The Rose of Mooncoin

"The Rose of Mooncoin" is one of the most famous Irish ballads. It was written in the 1800s in Mooncoin by a local schoolteacher and poet named Watt Murphy, who met and gradually fell in love with a local woman called Elizabeth, also known as Molly. Elizabeth was just 20 years old, and Watt was then 56, but the difference in age was of no consequence to either of them. Both were intellectuals, and they would often stroll along the banks of the river Suir, composing and reciting poetry. However, Elizabeth's father, who was the local vicar, did not approve of their relationship, and she was sent away to England. Watt was brokenhearted at the loss of his beloved lady, and wrote this song in her memory.

The ballad has been adopted as the Kilkenny GAA (Gaelic Athletic Association) anthem. This is an apt acknowledgement of the village, as Mooncoin (along with Tullaroan) was one of the leading hurling teams in the country in the early years of the GAA.

Words to the famous 'Rose of Mooncoin' song below:

How sweet is to roam by the sunny Shure stream
And hear the doves coo 'neath the morning sunbeam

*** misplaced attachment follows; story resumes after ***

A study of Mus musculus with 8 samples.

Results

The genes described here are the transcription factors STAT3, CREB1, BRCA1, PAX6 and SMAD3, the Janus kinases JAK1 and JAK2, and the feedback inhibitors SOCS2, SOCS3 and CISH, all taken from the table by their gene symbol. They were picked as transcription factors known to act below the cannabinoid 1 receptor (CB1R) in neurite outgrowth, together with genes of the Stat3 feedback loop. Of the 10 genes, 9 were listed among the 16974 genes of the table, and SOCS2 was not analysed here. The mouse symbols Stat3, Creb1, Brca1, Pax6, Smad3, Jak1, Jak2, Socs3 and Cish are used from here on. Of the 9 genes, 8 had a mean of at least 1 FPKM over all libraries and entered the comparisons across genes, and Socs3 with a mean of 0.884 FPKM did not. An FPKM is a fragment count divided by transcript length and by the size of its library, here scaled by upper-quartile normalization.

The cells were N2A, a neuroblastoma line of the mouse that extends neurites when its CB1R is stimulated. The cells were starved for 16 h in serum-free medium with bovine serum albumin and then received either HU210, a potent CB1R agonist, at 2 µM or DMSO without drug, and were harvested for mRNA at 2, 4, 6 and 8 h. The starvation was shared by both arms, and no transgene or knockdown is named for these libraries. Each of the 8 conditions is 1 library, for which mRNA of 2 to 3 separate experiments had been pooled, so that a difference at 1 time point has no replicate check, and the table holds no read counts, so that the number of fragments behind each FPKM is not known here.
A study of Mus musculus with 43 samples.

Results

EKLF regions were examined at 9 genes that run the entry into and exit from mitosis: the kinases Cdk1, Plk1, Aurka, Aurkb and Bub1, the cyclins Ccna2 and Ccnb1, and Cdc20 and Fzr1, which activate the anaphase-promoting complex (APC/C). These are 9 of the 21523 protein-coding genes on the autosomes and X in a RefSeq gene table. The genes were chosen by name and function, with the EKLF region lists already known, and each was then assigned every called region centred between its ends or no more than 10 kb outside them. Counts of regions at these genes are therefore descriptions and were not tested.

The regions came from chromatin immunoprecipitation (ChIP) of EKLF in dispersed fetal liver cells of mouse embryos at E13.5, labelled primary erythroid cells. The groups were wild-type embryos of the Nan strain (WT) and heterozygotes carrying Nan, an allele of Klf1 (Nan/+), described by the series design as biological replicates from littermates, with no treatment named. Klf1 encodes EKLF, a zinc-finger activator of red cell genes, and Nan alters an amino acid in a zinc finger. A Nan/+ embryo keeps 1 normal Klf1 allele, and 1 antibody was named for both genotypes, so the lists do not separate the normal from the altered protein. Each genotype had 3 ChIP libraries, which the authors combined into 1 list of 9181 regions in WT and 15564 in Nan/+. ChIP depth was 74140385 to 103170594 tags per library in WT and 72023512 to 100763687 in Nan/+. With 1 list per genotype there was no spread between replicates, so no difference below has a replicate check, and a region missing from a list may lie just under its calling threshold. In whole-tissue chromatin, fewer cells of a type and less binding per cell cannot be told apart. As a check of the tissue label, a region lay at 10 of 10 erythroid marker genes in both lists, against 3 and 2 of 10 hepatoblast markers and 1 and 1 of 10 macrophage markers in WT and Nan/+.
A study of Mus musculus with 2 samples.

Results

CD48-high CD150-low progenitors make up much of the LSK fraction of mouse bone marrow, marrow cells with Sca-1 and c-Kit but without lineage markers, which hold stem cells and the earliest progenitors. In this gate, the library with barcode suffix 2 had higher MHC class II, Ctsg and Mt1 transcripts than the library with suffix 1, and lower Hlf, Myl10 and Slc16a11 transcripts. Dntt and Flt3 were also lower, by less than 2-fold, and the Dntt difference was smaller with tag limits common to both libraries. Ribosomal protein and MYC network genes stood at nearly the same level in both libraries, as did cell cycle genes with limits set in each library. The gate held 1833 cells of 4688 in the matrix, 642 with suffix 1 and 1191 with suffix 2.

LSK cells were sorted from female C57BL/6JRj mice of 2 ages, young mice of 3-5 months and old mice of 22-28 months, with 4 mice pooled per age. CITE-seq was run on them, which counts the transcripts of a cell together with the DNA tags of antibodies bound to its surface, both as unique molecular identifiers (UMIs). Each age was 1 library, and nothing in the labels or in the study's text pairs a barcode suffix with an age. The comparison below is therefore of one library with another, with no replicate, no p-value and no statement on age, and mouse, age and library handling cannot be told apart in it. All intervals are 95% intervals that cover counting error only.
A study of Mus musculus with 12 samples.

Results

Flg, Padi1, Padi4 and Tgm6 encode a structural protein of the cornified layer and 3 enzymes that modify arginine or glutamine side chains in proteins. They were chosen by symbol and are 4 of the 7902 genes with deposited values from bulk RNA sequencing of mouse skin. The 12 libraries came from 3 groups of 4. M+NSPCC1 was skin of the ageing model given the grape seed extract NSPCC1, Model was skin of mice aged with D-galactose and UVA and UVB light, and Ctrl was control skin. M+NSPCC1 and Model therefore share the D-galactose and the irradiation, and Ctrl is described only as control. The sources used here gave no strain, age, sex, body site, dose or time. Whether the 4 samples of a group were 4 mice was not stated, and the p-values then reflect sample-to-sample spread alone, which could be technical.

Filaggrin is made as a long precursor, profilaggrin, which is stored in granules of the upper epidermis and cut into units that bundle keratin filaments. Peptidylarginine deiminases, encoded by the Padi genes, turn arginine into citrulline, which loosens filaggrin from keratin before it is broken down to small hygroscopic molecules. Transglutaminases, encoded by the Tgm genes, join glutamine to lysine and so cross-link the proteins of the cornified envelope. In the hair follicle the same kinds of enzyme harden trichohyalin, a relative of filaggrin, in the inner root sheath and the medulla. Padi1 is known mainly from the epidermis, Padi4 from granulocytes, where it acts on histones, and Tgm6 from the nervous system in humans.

Where the thrush and the robin their sweet notes entwine
On the banks of the Shure that flows down by Mooncoin.

Flow on, lovely river, flow gently along
By your waters so sweet sounds the lark's merry song
On your green banks I wander where first I did join
With you, lovely Molly, the rose of Mooncoin.

Oh Molly, dear Molly, it breaks my fond heart
To know that we two forever must part
I'll think of you Molly while sun and moon shine
On the banks of the Shure that flows down by Mooncoin.

Then here's to the Shure with its valley so fair
As oftimes we wandered in the cool morning air
Where the roses are blooming and lilies entwine
On the banks of the Shure that flows down by Mooncoin.

Flow on, lovely river, flow gently along
By your waters so sweet sounds the lark's merry song
On your green banks I wander where first I did join
With you, lovely Molly, the rose of Mooncoin.